By DON STINE
Neptune officials are preparing a nonbinding referendum question which will ask residents whether they want to have permit parking for the first time in the historic district.
But even if permit parking were to become a reality it’s skeptical whether there would be enough parking spaces for everyone who wants one.
Initial input, some details are still vague, calls for permit parking to be in place from May 15 to Sept. 15 next year, most likely on alternate sides of the side streets. Whether it will be for a trial run or permanent is still an issue to be decided while preparing the ordinance.
However, the deadline to submit a referendum to county officials for the November ballot is Aug. 18, which means an ordinance approving the referendum will have to be quickly written and then introduced at the next July 24 Township Committee meeting. It would then be voted on at the Aug. 14 meeting.
“It will be tough,” Township Attorney Gene Anthony said at this week’s meeting.
He said even defining who is a full-time resident and can be issued a permit may be an issue.
“It may be a little more complicated so it will be a challenge to prepare it and educate the public (by the deadline),” he said.
Anthony said all township residents would be able to vote on the referendum, adding that wording saying the permits are only for Ocean Grove could probably be included in the statement.
Some residents said they don’t even see the point of a referendum and that the governing body should just more forward with a permit program. Residents said other towns have implemented similar permit parking systems without going to a referendum.
And exactly how it will work in Neptune seems to still be up in the air.
“This is difficult,” Mayor Michael Brantley said.
Brantley said that a referendum for this November may not be practical given the time constraints and that a parking permit process could move forward without a referendum.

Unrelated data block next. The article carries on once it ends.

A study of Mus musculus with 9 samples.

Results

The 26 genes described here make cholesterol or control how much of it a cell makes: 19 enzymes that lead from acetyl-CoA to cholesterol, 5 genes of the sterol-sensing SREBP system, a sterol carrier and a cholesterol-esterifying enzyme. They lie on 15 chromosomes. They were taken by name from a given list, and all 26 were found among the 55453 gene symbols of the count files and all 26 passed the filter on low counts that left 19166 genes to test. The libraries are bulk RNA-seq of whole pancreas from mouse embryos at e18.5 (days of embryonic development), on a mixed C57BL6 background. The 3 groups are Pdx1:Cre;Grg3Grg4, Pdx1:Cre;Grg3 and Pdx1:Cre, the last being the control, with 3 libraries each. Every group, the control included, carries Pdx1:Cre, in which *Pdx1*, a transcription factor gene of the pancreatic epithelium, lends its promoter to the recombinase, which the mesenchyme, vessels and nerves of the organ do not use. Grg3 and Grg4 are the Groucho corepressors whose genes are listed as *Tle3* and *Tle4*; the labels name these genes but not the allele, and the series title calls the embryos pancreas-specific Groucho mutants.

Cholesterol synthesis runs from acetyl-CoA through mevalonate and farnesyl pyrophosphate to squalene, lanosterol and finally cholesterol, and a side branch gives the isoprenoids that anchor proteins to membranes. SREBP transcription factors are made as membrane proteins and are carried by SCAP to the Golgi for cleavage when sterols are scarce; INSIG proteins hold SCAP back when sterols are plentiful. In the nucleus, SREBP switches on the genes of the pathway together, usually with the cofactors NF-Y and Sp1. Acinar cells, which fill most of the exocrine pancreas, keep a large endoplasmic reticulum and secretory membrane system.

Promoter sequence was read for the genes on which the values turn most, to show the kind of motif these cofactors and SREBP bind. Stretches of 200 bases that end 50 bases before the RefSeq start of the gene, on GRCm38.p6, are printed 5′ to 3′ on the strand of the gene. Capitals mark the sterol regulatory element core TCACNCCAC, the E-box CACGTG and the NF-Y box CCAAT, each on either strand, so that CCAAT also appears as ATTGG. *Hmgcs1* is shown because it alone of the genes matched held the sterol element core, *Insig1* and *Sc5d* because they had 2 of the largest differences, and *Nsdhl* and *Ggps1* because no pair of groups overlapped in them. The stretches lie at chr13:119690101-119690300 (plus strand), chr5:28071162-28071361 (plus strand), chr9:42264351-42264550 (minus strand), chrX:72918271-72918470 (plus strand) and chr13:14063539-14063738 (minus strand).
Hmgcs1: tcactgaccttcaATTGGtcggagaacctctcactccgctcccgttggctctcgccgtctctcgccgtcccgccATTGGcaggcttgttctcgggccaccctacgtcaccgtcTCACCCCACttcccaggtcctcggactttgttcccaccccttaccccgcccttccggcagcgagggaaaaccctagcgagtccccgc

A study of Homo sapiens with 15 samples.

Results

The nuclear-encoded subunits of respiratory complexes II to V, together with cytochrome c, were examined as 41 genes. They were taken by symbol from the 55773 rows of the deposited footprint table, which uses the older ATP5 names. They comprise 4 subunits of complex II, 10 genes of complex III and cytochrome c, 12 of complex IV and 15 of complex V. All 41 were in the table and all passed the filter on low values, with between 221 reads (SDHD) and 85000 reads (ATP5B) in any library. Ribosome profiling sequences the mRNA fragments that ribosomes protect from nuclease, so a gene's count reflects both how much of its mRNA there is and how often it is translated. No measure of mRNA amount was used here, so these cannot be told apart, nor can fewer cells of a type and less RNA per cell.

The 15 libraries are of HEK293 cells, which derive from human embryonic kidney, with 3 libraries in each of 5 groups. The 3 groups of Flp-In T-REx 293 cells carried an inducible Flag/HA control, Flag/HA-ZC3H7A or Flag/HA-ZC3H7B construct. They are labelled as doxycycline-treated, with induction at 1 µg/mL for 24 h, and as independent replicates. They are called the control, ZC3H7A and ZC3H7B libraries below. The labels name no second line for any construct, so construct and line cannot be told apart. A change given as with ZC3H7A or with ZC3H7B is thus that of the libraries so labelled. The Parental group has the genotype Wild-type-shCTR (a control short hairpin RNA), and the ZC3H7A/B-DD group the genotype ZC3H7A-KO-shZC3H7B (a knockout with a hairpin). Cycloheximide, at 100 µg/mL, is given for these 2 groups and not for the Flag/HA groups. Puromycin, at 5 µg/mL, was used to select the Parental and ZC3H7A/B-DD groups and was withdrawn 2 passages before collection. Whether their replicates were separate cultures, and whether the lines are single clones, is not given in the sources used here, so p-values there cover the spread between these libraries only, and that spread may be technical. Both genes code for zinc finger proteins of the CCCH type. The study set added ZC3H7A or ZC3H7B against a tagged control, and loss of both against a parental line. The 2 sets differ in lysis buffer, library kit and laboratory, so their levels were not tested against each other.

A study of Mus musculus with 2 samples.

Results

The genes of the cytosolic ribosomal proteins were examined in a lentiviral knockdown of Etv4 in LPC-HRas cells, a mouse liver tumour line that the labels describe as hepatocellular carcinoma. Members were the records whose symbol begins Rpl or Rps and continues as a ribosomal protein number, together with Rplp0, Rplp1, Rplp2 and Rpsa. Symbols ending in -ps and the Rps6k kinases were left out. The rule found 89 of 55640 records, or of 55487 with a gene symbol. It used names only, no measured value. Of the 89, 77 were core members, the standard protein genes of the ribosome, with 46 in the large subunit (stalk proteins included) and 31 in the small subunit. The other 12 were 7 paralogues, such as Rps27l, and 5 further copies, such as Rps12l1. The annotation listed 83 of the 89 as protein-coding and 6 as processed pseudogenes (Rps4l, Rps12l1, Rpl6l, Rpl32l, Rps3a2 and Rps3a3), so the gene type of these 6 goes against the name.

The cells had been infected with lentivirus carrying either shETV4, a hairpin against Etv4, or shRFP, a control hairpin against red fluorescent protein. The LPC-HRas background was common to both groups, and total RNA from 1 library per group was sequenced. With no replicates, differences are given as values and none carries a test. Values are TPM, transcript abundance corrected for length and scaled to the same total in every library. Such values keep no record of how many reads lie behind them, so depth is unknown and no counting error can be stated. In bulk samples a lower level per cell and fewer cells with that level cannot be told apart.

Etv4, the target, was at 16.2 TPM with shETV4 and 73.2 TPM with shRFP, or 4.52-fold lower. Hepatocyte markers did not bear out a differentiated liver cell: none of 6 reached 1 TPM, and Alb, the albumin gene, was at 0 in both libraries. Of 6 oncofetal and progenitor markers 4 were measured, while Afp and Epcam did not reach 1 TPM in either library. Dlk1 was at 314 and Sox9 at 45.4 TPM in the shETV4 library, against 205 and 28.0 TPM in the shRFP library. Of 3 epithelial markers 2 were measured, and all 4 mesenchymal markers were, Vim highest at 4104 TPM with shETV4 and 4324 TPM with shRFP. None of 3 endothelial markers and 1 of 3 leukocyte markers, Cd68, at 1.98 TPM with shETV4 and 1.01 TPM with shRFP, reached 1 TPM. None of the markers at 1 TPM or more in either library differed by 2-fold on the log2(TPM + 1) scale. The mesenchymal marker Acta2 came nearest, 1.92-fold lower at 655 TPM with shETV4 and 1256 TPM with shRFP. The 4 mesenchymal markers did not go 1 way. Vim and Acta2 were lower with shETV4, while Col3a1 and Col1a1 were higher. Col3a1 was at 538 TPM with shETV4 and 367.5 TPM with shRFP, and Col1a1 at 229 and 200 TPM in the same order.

“We need to decide if a referendum is good or not so it is still up in the air about the referendum. We don’t have much time and we need to flush a lot of things out first,” he said.
Deputy Mayor Nick Williams said that there needs to be some specifics in the referendum question, such as the cost of the permits and other information.
“Where do we go with this? What do we do with it and how do we work it out? We need to iron things out before the referendum,” he said.
Anthony said that he agrees with Williams.
“It can be whatever you want the referendum to read but, in this case, cost may be important,” he said.
And other questions were raised.
One Ocean Grove resident said that, with all of the condominium units near his house, the street still wouldn’t have enough permit parking for everyone.
But, in the end, the governing body voted to have Anthony prepare a ballot question by the next meeting. Whether it will move forward remains unclear.
“I think maybe we should take a shot at it and, if it can’t be done, at least we gave it a try. Let’s see what we come up with,” Brantley said.
Committeewoman Carol Rizzo said it is important to get as much input from the community while the ordinance is being drafted.
“Let’s see if it can be put on a referendum and let the people in the town decide,” she said.